One week into school and I’ve heard from Cosmic Jr’s teacher twice.  Yesterday, after a week of the boy swearing he had no homework (over and over – I was giving him a chance to ‘fess up), she called to inform me that he had not turned in anything.  Sooooo… we pick him up from school, bring him home, chew him out and sit him down for the homework march of death.  Which nearly killed Mom.  Cosmic Jr. is wailing that it’s all boring.
We start with science, since the boy wanted to start with reading.  [insert evil parental cackle]  For an hour we drop balls of goo and measure their bounce height, stretch them and measure their stretchability and imprint them with paperclips.  All in all, not a bad series of experiments – until Mr. Cosmic said something about the scientific method.  And Cosmic Jr. looked clueless.  Er…?
Moving to math, I discover that the "essential skill" being studied is using shortcuts to figure out divisibility.  In the fifth grade?  WTH were they doing for the first four?  Even numbers is a valid topic for 10 year olds?  What are the 8 year olds doing?  Counting to 10?  The "challenge" question (not required, of course) was to find a number over 100 that is divisible by 1, 2, 3, 4, 5, 6, 9, and 10.  Gosh, let’s see.  Ends in 0 and we can mark off 2, 5, and 10.  Throw in a 4 next and we can mark off 4.  Make it 540 and we’re done.  Gosh, a whole 8 seconds or so of challenge.  What happened to trains traveling towards each other from Chicago and Pittsburgh?  *grits teeth*
Spelling – surely spelling will be a challenge?  I peek at the assignment.  "Choose 5 words with suffixes, use them in sentences and write the definitions."  CHOOSE?  CHOOSE?  OK, once I lower my blood pressure, I decide that we can make this worthwhile by building in some grammar skills, so we start with the suffix -ly and I’m gonna cover adjectives and adverbs.  "Cosmic Jr., what type of word is lone?"  He stares blankly.  I ask what the definition of a noun and a verb is (realize this is a kid who has read and reread all the Harry Potter’s and loves to read) – he looks blank.  I scrap spelling for the time being and ask when they are going to diagram sentences.  Apparently no one diagrams sentences anymore.  "Stream of consciousness with personal spelling encourages creativity" and "spelling lists are ineffective".  No wonder resumes are utterly incoherent – no one knows if their participles are dangling or their modifiers are misplaced and they couldn’t conjugate a verb (much less spell conjugate) if their lives depended on it.  I think it is time to revive Schoolhouse Rock, dammit.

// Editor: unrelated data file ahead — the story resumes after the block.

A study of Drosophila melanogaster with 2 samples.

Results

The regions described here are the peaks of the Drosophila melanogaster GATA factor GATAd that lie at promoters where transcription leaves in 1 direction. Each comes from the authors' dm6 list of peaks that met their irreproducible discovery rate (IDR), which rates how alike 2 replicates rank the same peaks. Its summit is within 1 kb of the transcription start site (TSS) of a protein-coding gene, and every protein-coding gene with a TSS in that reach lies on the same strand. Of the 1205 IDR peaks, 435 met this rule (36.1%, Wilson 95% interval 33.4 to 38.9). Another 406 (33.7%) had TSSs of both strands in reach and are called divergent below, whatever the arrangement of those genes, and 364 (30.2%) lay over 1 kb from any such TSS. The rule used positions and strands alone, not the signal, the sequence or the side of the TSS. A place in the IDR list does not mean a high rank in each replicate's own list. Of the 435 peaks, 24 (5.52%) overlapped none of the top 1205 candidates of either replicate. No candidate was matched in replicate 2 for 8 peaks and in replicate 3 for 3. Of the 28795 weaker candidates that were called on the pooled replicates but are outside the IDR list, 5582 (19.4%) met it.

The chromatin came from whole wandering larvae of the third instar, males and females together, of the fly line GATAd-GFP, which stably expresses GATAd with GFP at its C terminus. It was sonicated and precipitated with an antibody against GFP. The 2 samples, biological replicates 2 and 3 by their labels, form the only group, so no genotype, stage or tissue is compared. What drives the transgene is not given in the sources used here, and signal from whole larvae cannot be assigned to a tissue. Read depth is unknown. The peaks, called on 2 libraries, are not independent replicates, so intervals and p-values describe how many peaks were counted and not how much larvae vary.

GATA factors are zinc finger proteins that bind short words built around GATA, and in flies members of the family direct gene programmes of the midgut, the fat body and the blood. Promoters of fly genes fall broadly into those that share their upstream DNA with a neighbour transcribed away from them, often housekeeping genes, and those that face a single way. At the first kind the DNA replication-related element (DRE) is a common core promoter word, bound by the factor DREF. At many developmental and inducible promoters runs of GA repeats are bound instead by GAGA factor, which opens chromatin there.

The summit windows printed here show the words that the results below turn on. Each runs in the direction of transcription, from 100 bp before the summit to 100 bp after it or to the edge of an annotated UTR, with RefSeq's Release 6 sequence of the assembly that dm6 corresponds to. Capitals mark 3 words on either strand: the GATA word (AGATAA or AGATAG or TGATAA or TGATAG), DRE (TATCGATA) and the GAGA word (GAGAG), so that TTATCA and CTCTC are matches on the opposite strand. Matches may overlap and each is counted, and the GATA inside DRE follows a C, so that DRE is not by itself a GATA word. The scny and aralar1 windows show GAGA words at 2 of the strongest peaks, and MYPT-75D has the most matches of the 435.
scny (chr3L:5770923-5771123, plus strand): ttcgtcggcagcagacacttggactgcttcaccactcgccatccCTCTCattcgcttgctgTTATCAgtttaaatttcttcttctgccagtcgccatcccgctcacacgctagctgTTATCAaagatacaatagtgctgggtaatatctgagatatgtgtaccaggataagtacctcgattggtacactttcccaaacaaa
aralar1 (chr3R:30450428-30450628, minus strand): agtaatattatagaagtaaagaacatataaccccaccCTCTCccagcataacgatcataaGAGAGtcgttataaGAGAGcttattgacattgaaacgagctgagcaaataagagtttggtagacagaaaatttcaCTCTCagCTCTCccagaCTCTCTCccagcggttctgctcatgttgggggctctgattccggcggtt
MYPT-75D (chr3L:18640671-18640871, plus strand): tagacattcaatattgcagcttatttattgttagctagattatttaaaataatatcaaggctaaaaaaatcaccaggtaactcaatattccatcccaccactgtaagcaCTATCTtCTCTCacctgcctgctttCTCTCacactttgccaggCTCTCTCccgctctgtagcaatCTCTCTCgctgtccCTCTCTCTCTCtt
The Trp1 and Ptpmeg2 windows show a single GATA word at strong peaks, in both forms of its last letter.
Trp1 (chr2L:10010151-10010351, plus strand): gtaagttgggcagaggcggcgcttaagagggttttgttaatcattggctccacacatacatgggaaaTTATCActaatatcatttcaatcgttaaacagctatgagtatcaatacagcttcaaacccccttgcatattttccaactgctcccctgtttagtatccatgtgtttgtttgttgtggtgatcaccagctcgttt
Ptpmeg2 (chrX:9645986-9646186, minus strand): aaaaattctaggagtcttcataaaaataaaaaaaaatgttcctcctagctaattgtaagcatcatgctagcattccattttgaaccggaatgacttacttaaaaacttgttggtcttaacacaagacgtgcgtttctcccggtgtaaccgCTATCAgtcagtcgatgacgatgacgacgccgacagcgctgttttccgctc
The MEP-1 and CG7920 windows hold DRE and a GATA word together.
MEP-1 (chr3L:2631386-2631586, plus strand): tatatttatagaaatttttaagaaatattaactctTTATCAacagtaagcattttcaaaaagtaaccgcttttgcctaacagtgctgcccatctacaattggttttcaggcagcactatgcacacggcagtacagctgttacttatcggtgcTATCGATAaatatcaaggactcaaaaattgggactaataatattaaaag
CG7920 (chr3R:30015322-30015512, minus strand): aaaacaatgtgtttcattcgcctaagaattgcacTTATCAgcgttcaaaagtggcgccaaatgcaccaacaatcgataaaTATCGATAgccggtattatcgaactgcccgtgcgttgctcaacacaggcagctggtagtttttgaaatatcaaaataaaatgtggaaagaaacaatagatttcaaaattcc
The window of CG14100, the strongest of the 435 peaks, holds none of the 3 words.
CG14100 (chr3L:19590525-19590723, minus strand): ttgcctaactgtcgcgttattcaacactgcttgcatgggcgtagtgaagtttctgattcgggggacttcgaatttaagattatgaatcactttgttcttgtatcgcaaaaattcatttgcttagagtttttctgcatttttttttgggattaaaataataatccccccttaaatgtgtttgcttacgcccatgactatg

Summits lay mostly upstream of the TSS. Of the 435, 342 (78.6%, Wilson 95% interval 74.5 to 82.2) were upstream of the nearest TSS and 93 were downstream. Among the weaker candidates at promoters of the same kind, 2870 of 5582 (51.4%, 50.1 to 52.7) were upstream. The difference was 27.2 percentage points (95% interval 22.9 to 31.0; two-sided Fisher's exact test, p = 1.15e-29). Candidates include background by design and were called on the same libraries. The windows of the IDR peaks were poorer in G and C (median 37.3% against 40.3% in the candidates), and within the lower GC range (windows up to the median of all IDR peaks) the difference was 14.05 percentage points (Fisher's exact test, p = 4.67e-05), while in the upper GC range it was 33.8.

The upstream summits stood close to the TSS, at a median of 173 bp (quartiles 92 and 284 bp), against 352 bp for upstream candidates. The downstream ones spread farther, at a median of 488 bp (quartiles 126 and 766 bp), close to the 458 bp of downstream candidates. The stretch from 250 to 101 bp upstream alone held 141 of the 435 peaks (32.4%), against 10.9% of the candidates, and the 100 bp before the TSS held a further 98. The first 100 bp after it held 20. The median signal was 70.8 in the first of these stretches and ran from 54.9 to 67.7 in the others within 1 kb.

Reading.  I know we’ll be fine with reading, right?  Until I see that his language arts book is the state EOG study guide.  Since when are study guides textbooks?  Why are we teaching the tests instead of the skills?  Why have two parents I know been turned down in their request to advance their advanced students a grade?  Easy, if you have to keep the slow kids with their class (wouldn’t want them left behind to actually learn the material), we have to keep the fast kids back to balance the test scores so the schools look like they are "successful". 
Can we bring back nuns and eraser throwing harridans who believe that when kids leave their class they should *know* the material – not only the test answers, but the why behind them?  Can we graduate kids that can read and write and spell and do long division and balance an equation?  And no, I’m not blaming teachers – every one I’ve ever talked to firmly believed in teaching the key skills (you know, like phonics) and every one was mired in the "required curriculum" to "prepare students for the EOG tests".  In other words, 5 years of elementary school are basically geared towards teaching a test so the school looks good.
As someone who teaches skills for a living, I can tell you that someone who passes a certification exam will lose the job to someone who actually has the ability to do the job – every single day of the week and twice on Sunday.